The bounty from Athens knitters and crocheters!

As a part of GPA Tanzania, we will be interacting with local schools, including an orphanage in Moshi.  Dr. Moshi (yes, I think the names are connected) gave me a challenge–teach some of the orphans to crochet.

I have taught very few newbies to crochet.  My dear friend asked me to teach her once, so I bought her a book and a hook and offered to help once she taught herself the basics.  She has since made a lovely baby blanket.  The tiny little newbie details are difficult for me to convey.  How do I hold a hook?  How do I hold the yarn?  Where the heck does this thing go?

But I firmly believe in the power of crochet.  It is an outlet for creative energy as well as the nervous fidgety energy some of us have when sitting still for too long.  It enables people to clothe their family and furnish their homes with their own creations.  It can provide a source of income.  I am inspired by the work Krochet Kids has done in Uganda–I don’t aspire to create a self-supporting women’s group selling items internationally, but I think their success story shows what crochet can do.

Language will be interesting.   I know that “to crochet” in Kiswahili is kushona.  So is “to knit,” “to sew,” and “to weave.”  There’s a bounty of names for “hook”–hangue, kingoe, kiopoo, kombo, kota, and kulabu.  I’m not sure which is appropriate (I hope it’s kiopoo; I like the way it sounds).  Never mind the vocabulary for yarn over, single crochet, slip stitch, etc.  Depending on their age, many of the kids will have some English.  But then there are the discrepancies between American and British crochet terminology when they start to read patterns.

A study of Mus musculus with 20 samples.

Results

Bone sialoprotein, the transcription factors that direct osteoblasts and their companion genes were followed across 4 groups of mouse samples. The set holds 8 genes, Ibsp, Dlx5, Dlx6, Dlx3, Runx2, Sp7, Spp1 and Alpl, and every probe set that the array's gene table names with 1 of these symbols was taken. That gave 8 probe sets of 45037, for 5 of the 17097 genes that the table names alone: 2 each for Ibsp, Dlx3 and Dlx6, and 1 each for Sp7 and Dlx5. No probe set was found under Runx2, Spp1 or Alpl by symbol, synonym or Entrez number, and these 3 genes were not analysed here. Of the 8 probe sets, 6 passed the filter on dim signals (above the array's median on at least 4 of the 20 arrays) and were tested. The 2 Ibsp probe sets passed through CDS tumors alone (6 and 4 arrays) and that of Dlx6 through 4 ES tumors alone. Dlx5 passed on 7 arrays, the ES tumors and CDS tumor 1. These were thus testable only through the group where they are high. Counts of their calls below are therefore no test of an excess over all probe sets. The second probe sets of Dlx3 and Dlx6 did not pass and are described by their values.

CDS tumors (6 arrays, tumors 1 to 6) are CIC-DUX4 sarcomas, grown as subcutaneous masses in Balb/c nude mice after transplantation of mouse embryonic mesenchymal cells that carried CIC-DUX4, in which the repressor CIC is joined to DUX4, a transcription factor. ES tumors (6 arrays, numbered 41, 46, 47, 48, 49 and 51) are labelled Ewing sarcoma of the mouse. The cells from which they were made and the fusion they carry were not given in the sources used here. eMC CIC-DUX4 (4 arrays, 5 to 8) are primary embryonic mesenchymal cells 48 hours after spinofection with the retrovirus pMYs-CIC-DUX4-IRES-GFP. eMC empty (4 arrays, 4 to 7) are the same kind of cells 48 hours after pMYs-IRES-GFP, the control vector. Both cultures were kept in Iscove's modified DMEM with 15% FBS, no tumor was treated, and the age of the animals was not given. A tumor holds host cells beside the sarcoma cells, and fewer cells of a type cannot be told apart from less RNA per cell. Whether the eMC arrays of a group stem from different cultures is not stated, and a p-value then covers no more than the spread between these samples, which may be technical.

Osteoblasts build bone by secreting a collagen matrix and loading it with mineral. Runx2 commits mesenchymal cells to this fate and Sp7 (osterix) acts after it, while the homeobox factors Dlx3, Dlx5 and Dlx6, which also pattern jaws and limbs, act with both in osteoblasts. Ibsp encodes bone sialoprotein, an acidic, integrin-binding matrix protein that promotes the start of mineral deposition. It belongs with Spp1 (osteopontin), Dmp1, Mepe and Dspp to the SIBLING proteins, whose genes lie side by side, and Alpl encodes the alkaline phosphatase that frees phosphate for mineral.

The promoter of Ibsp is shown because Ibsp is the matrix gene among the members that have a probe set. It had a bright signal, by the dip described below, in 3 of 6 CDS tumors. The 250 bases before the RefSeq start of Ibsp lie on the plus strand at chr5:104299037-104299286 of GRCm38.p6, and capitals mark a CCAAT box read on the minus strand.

I’m not sure about the availability of tools or yarn.  There’s tons of crocheters in Kenya, but I don’t think knitting and crocheting permeated the culture in Tanzania as much since the British were not as present. The local machine-knitters import their yarn from Kenya.  Hooks could be carved, but I won’t have time for that.  Through the generosity of the knitting and crocheting community in Athens, GA, I will have ample hooks and yarn to get the kids started. Asanteni sana, marafiki zangu!  Thank you so much, my friends!  I hope my suitcase is big enough!

I accept this challenge.  I once taught a 10-year-old Kenyan boy to play Uno Hearts with my minimal Kiswahili and his minimal English.  It just takes a sense of humor and some love.  I can’t wait to meet the kids and share my love for crochet.  We’ll all try our level best and we’ll have some yarn fun.